Think twice before you toss the leaves growing from your beets. Beet greens are sweet, mild, and cook up into the silkiest, most tender greens you’ll ever eat. And the stems? They’re far more delicious than those of kale and collards.
They’re also more nutritious. Beet greens are some of the most nutrient-rich greens around, containing more antioxidants and other phytonutrients than the bulbous roots themselves, according to Jo Robinson, author of Eating On The Wild Side. In terms of general health benefits, beet greens are right up there with kale.
Reading: How to eat beet greens
So if I had my choice between a plate of braised beet greens and one of braised kale, I’d pick the beet greens every time. They’re much sweeter than kale, and the leaves cook up as silky as spinach. Plus, beet greens and stems get tender faster than kale.
Of course, in other to cook a batch of beet greens, you have to find them first.
Find Beet Greens at Farmer’s Markets
Beet greens are standard fare at most farmers’ markets right now, and beets are increasingly available with their greens in supermarkets—well, some supermarkets. Imagine my shock and disdain when I discovered a local grocery store was systematically chopping the bushy greens from bunches of beets and no joke, stuffing them in the trash!
To my dismay, the greens had been hacked from the roots, and rather brutally, it appeared. There had to be a blood-red beet bath going on in the refuse bin near the clerk who was busy trimming other produce.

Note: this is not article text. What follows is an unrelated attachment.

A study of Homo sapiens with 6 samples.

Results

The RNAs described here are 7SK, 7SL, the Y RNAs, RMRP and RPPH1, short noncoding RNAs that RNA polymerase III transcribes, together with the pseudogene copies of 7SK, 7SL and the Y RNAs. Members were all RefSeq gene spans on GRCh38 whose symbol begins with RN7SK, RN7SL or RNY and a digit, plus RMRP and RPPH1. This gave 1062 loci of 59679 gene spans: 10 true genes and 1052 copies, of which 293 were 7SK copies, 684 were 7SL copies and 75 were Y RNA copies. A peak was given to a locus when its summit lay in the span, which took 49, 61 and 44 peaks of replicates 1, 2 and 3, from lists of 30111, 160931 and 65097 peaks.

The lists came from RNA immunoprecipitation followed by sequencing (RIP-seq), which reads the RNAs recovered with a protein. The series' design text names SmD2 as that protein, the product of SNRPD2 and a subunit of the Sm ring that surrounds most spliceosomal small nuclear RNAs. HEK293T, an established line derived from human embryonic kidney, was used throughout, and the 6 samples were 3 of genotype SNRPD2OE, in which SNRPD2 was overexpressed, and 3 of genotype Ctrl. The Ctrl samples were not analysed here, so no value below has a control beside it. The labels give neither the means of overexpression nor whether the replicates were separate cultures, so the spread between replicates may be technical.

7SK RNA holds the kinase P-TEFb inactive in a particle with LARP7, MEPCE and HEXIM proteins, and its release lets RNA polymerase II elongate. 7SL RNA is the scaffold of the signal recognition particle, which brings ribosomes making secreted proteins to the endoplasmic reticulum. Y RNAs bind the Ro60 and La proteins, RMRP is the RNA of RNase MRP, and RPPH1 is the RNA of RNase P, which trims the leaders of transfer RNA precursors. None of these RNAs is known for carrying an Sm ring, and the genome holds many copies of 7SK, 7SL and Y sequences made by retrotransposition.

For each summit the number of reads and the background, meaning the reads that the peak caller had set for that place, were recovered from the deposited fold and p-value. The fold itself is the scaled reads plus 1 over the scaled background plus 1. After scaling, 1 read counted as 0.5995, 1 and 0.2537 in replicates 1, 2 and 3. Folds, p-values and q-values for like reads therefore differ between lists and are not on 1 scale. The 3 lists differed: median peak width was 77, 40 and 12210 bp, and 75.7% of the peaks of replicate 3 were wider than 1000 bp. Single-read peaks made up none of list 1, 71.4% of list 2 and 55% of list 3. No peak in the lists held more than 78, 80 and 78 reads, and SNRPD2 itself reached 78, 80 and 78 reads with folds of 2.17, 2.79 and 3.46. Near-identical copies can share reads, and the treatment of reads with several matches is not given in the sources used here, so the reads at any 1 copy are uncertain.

“People complain about ’em,” he explained. “They don’t want ’em, so we’re cutting ’em off.”
“You’ve got to be kidding!” I said, my voice rising in shock. “So what happens to those greens?” I inquired further, hoping I’d hear something positive.
“We throw ’em away,” he replied.
“Throw. Them. Away?” I exclaimed. “That’s the most nutritious part of the beet!”
It wasn’t his fault, but it’s hard to keep your cool when you see food wasted like that. It’s not just that beet greens are edible—they’re incredibly good for you.
Supermarkets aren’t alone in tossing beet greens. Farmers, eager to please their customers, often lob off the tops at the customers’ request. By politely asking for the discards, I’ve scored gobs of free beet greens, but I’d be happier if the farmers didn’t plant the idea of yuck in the minds of the shoppers by offering to cut them off in the first place. The hacked-off greens leave people wondering if you can eat beet greens at all! If farmers left the leaves intact and preached the joys of beet greens instead, there’d be far less confusion.
Braising is the simplest way to prepare beet greens. Here’s how to do it.
Swish leaves and stems vigorously in a big bowl of water to remove the sand from the leaves, which also gets lodged between the ridges of the stems.
Cut the stem and the thick part of the center rib from each leaf. The easiest way to do this is to fold the leaf in half along the rib. Chop the stems and leaves separately.
Film a large skillet with olive oil. Cook up some chopped onion, shallot, or garlic over medium heat, covered with the lid, until softened for 1 to 5 minutes.
Add the stems to the skillet along with 1/3 cup water and salt to taste and braise the chopped stems, covered, until tender for 4 to 6 minutes.
Finally, add the chopped leaves (and a few tablespoons of water if the pan looks dry) and simmer, covered, stirring occasionally, until the leaves are tender for 3 to 4 minutes.
Season with salt and pepper, and you’re good to go!